I remember when my father was transferred to another city, on his last day with his colleagues, they all stepped forward one by one to share about the experiences they had with them. I remember one woman in particular and what she had to share.
She said, “whenever anyone enters Sir’s office, the first thing he asks us to do is sit down. Then he asks us to have a cup of coffee or tea, or some snacks.
It doesn’t matter if someone is walking in to give bad news or good news. It doesn’t matter how important or urgent the work is. The first thing he says is, ‘come, sit down. Have something to drink.'”
I think about that a lot, because I’ve learnt that that’s what God does too.
In the 19th chapter of the first book of Kings, the prophet Elijah has just witnessed a mighty, powerful act of God. And yet, right after that, when a wicked woman threatens to kill him, he runs to the desert to in fear for his life.
He runs, and even cries out go God saying, “I’m done. Kill me.” All this, right after God has shown him that He is powerful (check out 1 Kings 18), and that He can protect him.
But to this fearful prophet, God does not respond by saying, “Really? After all you’ve seen? You’re running in fear?”
Instead, God sends an angel to cook for Elijah. And Elijah is simply told to get up and eat.
Not once, but twice.
And Elijah was strengthened by that food.
Hundreds of years later, God does the same thing again, only this time, as Jesus.
His best friend Peter, denied Him, and allowed Him to die. But He showed His power by rising from the dead.
But Peter was left heartbroken. He was filled with guilt and sorrow for what he had done. He even went back to his old trade, which was fishing.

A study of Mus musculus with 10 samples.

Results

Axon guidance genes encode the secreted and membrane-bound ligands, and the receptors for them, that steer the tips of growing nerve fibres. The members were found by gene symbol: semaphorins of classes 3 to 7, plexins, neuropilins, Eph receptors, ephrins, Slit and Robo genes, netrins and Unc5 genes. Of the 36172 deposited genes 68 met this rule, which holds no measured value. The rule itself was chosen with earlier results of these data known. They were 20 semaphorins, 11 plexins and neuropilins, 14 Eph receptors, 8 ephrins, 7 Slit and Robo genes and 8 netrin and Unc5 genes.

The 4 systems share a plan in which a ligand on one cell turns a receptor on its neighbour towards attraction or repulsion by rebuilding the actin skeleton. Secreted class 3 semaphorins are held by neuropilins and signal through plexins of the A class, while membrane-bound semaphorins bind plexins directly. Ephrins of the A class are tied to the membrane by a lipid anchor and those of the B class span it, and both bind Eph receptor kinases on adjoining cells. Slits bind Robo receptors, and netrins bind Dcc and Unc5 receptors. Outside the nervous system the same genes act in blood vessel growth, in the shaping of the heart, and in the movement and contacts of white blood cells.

And Peter and his friends spent all night fishing, but caught nothing.
In the morning, as their boats are nearing the shore, Peter sees Jesus.
And when Jesus meets Peter, He does not say, “I trusted you, and you let me down.”
Jesus is standing on the beach, cooking bread and fish.
And He looks right at Peter and the others and says, “Come, and have breakfast.”
That’s who He is.
When we’ve let Him down, and when we’re in the midst of our lows, filled with guilt and shame, He still thinks about us first.
He doesn’t condemn us, no!
His first response is always – ‘you must be tired. Come, eat. Be refreshed. We’ll talk after that.’
It doesn’t matter what the situation is. It doesn’t matter how urgent or important it may seem.
It doesn’t matter how much we’ve let Him down, or how much we’ve let ourselves down.
His invitation still remains.
Whatever you are going through, and wherever you are, I hope you hear His voice calling out to you today – “Come, eat. Sit with Me and be refreshed. Whatever the issue is, I’ll deal with it. You first come and eat.”